04 Apr 2019 at 08:17hrs | Views
Zimbabwean media was recently awash with reports to the effect that MDC leader, Nelson Chamisa, who recently embarked on a fruitless "pseudo" regional diplomatic offensive meant to sound Sadc leaders on the country's alleged worsening political and economic crisis, had pleaded with the bloc to heed his party's distress call. Chamisa is quoted in one daily paper saying as a party they felt that there has been an attempt on the part of Sadc and its chairperson, the President of Namibia, Hage Heingob, to listen to ZANU-PF only.

Allow me to take you back a little. During the last electioneering period, Chamisa told his supporters and anyone who cared to listen that he would reject any electoral outcome that did not favour him. This attracted the attention of a regional network of poll observers led by former Sadc Secretary-General, Tomaz Salamao. Salamao reportedly told a Press briefing in Harare, on 27 July 2018, that his group would engage the opposition presidential candidate and give him their advice. The former Sadc Secretary-General was quoted in one publication saying "If anyone has made those statements we will at the appropriate time engage him to advise that in a democracy there are rules. There are winners and losers; they should be prepared to lose."

Elections came and went. Chamisa lost and true to his word refused to accept the outcome. The opposition leader then approached the courts fully aware that he did not have any evidence of electoral manipulation and lost again. Without any more avenues to challenge the election result, he has resolved to tarnish the image of the country so as to keep Zimbabwe isolated hoping to use that as a way sneak into power.

But why did Chamisa not listen to Salamao, assuming he knew the importance of Sadc in helping solve genuine internal disputes in member states? Simple – the opposition leader is not his own man, he is the devil's advocate. He is fronting the American foreign policy aimed at controlling and exploiting African resources without the benefit of the indigenous – as such he cannot even make an independent decision without his handler's approval.

Another example in support of the above line of argument is the fact that, while Sadc is calling for the unconditional lifting of sanctions so as to give the Zimbabwean economy space to grow, Chamisa is supporting their continued stay. How then does he justify approaching Sadc saying there is an economic crisis in Zimbabwe, when by virtue of supporting sanctions he has become part of the economic crisis?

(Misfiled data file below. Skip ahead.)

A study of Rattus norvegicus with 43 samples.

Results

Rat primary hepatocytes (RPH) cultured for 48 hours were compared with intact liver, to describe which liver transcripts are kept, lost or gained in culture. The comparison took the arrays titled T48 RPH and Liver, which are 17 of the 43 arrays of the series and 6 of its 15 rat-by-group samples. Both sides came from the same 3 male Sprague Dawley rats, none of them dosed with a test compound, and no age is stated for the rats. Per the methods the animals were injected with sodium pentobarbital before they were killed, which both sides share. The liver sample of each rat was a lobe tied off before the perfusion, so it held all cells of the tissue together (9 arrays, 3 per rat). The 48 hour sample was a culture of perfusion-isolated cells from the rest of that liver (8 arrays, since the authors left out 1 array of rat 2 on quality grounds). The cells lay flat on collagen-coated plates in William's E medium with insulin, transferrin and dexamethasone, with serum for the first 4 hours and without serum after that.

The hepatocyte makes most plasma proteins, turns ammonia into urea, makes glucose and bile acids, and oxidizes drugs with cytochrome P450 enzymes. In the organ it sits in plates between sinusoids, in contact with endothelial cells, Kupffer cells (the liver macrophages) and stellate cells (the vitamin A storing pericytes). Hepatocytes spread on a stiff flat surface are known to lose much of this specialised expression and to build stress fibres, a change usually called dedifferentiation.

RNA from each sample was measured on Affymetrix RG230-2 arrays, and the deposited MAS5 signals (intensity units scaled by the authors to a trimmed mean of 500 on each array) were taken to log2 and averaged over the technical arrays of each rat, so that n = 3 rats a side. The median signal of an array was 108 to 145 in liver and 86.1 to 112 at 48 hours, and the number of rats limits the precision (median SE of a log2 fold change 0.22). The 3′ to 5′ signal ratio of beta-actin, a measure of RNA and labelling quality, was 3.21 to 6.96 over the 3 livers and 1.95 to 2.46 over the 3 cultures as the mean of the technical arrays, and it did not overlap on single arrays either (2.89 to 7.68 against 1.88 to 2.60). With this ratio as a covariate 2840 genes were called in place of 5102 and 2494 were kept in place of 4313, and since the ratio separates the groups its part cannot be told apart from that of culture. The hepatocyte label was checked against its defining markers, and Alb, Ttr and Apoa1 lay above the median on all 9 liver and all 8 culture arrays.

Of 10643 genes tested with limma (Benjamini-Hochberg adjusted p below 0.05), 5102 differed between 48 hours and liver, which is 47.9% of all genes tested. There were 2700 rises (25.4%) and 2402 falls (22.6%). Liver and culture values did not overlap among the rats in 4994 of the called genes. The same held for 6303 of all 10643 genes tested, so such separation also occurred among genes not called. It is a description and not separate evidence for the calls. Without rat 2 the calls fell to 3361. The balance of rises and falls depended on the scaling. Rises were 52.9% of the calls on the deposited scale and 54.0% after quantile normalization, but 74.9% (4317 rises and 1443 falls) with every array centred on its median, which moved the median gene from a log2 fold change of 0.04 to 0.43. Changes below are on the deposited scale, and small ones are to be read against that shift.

If Chamisa had accepted defeat as advised by Salamao, he wouldn't be seeking to be heard by the same organization he undermines all the time, save when he wants to bring them to his corner. Zimbabwe has only one leader, President Emmerson Mnangagwa, which explains why all of Chamisa's whining, will amount to nothing.

The only reasonable explanation to Chamisa's behaviour is that he is trying, without success, to elevate the discourse of finding lasting solutions to Zimbabwe's isolation to the regional level so as to downplay the efforts of other parties that have grouped to find a solution internally. If Chamisa is concerned about the ‘deteriorating' situation in Zimbabwe he should join the dialogue other progressive parties are instituting not grandstanding at the doors of other countries. Of course, he will not do that – what would Uncle Sam say?

Chamisa's declaration that the MDC would continue to knock on the doors of African leaders and influential politicians to push the Zimbabwean agenda so that the alleged political impasse is resolved, while others are looking for solutions internally speaks to how far the youthful politician is willing to go, barking on the wrong tree in service of his handlers' will – he is a lost cause.